Thursday, September 11, 2008
Not Many of Us Around Here.....
I'm so 20th century, but as someone who likes to fancy himself as a writer (hey -- I used to get paid to do it!) it's time to enter the blogosphere. At least that's what the kids are calling it. By "kids" I mean anyone more than five years younger than me and/or those who do not shower or appear to fret over personal hygiene.
Why today? Well obviously it's the 7th anniversary of the worst day of our collective lives. I was a reporter on that day and while it was the worst day of my professional life, it also reminded me of both the power of words, and the responsibility of the journalism profession. Today we should take just a moment to remember, and the rest of the day distracting ourselves. A few days after 9/11, I went back to writing my regular humor column. It was tough to laugh, but so necessary. Like everyday, we need to laugh today.
So to start, I will tell a story that some good friends found funny as I recalled it last night....
Not so long ago, I was in the produce section of my neighborhood grocery store. I was wearing flip flops, shorts, and a $5 navy blue University of Illinois t-shirt I bought because, well, it was $5 and I liked the blue and orange colors. Brought out the color in my eyes, or something. (They are blue. Ice blue, thank you very much.)
As I was perusing arugula, scoping tomatoes and admiring a good variety of melons, a middle aged man passed me and nodded, as if we somehow knew each other. I barely noticed but it didn't totally escape me; I returned to my fruits and vegetables. As our carts passed again, he stopped and said "You don't see too many of us around here." Now, I'm often the last one to "get it" and I hate appearing confused so I managed a smile and said "Yeah" and then searched for the juiciest Macintosh I could sink my teeth into. Then I wondered.....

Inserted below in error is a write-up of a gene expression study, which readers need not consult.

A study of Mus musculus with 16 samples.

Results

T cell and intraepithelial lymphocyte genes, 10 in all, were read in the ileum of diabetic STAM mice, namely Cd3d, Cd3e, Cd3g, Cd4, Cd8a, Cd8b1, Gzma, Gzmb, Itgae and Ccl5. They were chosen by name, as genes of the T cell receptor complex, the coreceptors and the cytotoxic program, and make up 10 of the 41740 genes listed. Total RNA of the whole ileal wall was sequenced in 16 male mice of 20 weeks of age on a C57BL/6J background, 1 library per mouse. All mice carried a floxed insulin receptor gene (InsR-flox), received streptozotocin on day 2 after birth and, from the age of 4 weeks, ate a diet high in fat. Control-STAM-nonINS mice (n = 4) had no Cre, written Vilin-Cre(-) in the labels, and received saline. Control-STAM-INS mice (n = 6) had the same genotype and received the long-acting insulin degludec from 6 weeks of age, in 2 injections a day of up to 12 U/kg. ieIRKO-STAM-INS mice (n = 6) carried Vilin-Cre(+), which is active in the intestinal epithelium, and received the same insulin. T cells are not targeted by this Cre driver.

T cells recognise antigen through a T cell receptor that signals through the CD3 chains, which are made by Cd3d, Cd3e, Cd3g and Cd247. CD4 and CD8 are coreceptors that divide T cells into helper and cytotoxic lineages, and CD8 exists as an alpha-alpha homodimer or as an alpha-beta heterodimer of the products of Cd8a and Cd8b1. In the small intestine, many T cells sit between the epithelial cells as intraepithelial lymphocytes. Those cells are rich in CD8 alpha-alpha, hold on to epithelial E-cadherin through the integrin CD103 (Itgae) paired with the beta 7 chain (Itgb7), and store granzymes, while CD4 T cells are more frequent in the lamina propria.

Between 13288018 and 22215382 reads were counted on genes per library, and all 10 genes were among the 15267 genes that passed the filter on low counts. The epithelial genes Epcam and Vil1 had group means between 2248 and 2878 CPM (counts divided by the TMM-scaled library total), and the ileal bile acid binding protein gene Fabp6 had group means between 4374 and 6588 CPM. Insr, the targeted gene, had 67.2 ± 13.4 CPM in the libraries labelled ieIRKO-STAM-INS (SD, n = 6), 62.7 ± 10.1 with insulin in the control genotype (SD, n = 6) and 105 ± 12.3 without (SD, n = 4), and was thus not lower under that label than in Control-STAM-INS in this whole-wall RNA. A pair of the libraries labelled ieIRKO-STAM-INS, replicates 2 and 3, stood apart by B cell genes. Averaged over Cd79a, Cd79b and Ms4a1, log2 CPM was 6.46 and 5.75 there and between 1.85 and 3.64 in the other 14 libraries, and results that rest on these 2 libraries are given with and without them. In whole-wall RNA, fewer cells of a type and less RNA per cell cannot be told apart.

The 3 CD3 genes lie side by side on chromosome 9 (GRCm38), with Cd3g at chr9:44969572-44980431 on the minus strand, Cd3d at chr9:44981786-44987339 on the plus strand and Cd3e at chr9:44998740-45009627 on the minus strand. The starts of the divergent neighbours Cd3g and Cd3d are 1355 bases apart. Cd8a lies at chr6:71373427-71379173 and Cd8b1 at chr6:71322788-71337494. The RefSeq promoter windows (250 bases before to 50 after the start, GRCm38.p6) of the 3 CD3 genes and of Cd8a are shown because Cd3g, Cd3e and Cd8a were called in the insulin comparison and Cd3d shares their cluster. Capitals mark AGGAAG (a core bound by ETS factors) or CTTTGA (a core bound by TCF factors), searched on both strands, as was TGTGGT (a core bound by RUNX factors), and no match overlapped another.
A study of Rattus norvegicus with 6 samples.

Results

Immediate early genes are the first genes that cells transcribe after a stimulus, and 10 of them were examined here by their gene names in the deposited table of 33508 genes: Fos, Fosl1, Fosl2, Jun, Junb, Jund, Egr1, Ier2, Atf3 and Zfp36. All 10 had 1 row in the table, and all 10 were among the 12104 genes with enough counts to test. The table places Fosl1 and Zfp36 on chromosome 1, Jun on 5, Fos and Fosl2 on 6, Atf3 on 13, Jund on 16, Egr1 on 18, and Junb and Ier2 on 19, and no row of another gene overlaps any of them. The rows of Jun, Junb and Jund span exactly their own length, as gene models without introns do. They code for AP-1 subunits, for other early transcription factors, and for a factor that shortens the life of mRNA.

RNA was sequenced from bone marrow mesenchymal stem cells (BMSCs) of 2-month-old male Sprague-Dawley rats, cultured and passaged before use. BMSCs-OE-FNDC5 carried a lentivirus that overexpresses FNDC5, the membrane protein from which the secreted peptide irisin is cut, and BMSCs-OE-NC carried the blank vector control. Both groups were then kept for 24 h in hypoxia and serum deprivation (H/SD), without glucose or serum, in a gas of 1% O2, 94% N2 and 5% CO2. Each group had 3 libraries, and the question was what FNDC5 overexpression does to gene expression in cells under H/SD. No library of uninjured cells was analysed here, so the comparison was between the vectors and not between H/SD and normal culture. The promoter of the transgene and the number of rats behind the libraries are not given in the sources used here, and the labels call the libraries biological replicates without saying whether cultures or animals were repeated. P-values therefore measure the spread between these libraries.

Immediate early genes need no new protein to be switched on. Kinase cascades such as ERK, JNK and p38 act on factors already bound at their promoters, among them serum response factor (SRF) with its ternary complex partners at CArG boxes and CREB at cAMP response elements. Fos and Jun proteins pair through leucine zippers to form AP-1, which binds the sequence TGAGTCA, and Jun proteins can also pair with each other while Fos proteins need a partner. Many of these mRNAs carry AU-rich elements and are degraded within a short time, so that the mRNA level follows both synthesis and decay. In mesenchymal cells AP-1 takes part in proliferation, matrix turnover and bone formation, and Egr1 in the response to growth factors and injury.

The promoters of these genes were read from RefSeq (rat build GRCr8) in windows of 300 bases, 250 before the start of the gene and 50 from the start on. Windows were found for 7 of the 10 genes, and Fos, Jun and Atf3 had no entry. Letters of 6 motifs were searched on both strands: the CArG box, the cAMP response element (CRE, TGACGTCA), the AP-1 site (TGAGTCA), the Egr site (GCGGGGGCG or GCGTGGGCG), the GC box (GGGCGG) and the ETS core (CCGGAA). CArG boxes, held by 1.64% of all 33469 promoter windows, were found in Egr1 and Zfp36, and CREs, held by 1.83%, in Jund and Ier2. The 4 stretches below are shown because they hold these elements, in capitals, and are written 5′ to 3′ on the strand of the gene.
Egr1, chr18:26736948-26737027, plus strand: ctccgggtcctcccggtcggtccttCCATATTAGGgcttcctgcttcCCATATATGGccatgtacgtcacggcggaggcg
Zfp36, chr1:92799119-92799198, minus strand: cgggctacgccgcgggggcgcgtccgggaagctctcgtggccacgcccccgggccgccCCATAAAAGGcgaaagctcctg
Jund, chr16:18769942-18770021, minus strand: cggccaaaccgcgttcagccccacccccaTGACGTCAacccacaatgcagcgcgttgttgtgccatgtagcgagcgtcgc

....Does he think I'm a juicy Macintosh? Does he wanna sink his teeth into....no.....Oh my god, I'm getting hit on in the grocery store. By a man. Who could be my fathers much slimmer, younger brother. I mean, I'm wearing Old Navy sandals -- do they send a gaydar transmission???
I better go look for some cereal. No, raw meat. Something slaughtered. Yeah, that's it.
He finds me again and says "Champagne" and again I panicked and said "Yeah." Then I thought, oh my god, did I just accept a date with a middle aged man over a glass of bubbly delight? Then it hit me. Actually, then I opened my eyes. His hat said "Illinois" just like my eye-sparkling t-shirt. And it all made sense. (He was asking if I attended the main campus in Champaign, IL)
I was embarrassed, but then I realized I was trapped. He said "I graduated in '68, a few years before you, which in fact was a few years before I was born. When were you there?" I said "1993," ignoring the fact that I went to Iona College a wonderful small school north of NYC. It's maroon-and-gold color scheme does not positively highlight any of my features.
I figured that was the end of it, until he said "Wow -- the same year as my daughter! What was your major?" Communications I said, which was true, but at a maroon and gold institution. "That was her major too. Do you know (Julie Smith)?"
Nah, it doesn't ring a bell, I say, hoping that the bell of my cell phone would ring at that moment. A ha, the cell phone. I excused myself to answer what he thought was a vibrating cell phone (a tactic I would have avoided just minutes ago) What's your name, he asks, in that "i know you're on the phone" whisper-slash-lip reading tone. "Joe Kirby" I said, using the name of one of my uncles.
I scurried to the frozen food section pretending to talk to anyone but the Illinois Alumni Office. I managed to lose the Class of 68 in the grocery store.
I do often wonder if his daughter knew a Joe Kirby. Lord knows it's a small world, especially in the produce section.